September 28 is World Rabies Day
Imagine a world in which rabies is nothing more than a distant memory. According to the World Health Organization, eradication of rabies is possible – simply by vaccinating dogs.
Everyone has heard of rabies, but there are a lot of myths surrounding this disease. The Global Alliance for Rabies Control has declared September 28 of each year to be World Rabies Day to help spread the word that we can put an end to rabies in pets and humans.
Here are some facts about rabies:
- Rabies is a zoonotic disease, which means it can be transmitted from animals to humans.
- It is a virus that is transmitted through saliva or tissues from the nervous system – it is most commonly transmitted through a bite.
- Every year, approximately 59,000 people die of this disease, and up to 40% of them are children under the age of 15.
- Each year, more than 15 million people around the world receive a post-exposure vaccine.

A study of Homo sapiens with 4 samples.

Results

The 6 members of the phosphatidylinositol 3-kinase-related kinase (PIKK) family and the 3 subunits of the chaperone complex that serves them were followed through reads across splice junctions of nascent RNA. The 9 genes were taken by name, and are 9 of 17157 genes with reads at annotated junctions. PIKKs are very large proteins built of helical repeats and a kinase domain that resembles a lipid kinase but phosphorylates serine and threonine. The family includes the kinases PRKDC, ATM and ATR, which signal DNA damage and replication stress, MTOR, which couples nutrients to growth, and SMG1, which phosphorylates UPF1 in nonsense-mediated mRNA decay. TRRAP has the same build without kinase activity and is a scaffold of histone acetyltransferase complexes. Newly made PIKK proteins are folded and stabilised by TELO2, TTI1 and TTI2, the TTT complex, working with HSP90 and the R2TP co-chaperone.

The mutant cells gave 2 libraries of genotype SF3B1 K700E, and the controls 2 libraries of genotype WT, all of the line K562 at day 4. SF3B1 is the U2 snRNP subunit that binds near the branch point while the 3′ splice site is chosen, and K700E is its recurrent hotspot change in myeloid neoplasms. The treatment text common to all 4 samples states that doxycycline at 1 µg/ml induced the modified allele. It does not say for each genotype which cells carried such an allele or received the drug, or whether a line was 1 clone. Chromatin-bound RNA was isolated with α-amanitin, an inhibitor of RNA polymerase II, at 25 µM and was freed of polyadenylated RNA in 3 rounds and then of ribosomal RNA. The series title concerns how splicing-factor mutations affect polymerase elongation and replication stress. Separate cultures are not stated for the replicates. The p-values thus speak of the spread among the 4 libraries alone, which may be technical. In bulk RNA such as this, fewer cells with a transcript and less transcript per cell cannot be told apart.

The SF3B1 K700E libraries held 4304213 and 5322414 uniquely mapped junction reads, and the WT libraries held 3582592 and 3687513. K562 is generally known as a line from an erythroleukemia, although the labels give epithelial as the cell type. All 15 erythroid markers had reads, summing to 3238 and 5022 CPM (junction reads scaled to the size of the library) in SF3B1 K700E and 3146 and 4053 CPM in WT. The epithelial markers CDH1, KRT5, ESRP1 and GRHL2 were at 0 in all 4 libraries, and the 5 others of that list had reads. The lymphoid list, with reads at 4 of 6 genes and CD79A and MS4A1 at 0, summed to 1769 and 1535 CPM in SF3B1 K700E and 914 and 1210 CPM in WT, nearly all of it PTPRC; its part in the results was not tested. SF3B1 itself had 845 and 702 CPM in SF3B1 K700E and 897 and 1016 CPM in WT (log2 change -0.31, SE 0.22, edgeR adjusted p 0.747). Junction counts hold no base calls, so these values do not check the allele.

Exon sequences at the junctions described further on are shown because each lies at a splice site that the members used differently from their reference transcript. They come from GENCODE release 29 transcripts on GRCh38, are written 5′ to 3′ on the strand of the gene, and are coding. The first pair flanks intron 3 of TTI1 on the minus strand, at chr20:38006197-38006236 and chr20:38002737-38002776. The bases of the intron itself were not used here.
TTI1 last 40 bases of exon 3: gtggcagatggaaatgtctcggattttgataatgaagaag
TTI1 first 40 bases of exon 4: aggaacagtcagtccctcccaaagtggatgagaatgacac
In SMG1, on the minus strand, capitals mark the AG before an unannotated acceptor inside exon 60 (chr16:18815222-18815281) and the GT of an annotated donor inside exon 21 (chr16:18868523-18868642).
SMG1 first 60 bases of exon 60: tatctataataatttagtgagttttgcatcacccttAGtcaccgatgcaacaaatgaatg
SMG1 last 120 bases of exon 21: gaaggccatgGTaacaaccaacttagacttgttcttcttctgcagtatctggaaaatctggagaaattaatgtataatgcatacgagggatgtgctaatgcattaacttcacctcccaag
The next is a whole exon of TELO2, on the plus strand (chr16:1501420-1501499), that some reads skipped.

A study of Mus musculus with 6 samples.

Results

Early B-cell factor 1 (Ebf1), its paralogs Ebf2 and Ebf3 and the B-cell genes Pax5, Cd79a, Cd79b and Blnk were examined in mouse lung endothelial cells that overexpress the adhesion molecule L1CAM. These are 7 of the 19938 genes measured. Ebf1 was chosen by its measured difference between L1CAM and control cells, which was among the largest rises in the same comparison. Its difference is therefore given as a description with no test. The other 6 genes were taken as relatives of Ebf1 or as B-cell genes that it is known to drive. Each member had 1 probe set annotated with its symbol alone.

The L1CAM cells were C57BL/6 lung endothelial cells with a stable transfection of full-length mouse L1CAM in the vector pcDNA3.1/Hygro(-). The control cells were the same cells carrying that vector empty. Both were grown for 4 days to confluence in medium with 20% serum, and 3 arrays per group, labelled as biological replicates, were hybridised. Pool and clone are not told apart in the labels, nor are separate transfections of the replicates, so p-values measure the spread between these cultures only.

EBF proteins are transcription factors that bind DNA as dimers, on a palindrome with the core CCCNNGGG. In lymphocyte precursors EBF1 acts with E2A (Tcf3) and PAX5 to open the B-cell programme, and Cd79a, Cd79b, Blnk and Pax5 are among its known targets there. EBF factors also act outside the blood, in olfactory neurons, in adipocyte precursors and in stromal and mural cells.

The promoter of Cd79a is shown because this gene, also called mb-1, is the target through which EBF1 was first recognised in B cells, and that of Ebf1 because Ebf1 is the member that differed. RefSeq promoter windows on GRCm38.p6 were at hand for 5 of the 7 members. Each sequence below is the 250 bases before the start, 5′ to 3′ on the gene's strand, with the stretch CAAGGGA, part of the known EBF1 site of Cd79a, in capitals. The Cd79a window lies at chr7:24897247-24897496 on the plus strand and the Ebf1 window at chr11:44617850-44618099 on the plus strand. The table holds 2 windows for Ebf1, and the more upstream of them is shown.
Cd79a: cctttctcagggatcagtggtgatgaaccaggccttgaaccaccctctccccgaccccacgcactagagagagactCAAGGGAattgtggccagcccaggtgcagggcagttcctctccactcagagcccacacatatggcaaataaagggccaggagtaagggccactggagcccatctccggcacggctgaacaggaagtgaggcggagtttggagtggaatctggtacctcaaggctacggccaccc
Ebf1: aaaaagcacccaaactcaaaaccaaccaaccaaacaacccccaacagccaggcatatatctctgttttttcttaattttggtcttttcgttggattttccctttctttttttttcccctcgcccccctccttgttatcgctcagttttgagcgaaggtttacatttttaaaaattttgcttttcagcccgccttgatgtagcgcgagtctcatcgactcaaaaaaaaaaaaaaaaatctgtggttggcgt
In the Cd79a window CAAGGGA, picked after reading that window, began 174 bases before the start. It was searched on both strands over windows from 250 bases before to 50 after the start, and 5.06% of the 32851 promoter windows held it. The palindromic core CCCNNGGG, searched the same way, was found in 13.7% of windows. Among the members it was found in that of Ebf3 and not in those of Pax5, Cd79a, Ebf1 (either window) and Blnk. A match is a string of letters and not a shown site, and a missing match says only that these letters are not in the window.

- Once symptoms develop, rabies is nearly always fatal.
In North America, rabies is most commonly transmitted by bats. Since bats with rabies often don’t fly well, people may pick them up, thinking they are helping an injured animal. If you find a bat in your garden or home, don’t touch it. And since bats have tiny teeth, you may not even feel a bite, so if you ever wake up in a room with a bat, or find a child or any person who can’t tell you what happened in a room with a bat, seek health care assistance immediately.
An ounce of prevention:
- The best way to prevent rabies is to vaccinate all of your pets – particularly your dogs. If you have any questions about your dog’s immunizations, contact your veterinarian.
- People who work in animal control, kennels, laboratories, and so on, can get pre-exposure vaccinations.
- Keep children and pets away from wild animals and pets you don’t know.
- Keep garbage secure and don’t leave food outdoors that could attract wildlife.
- Bat-proof your home.
- Contact animal control to report stray or ill animals.
Rabies is a horrifying disease that results in tens of thousands of unnecessary human deaths, and countless deaths in dogs, too. This September 28, spread the word that together we can put an end to rabies.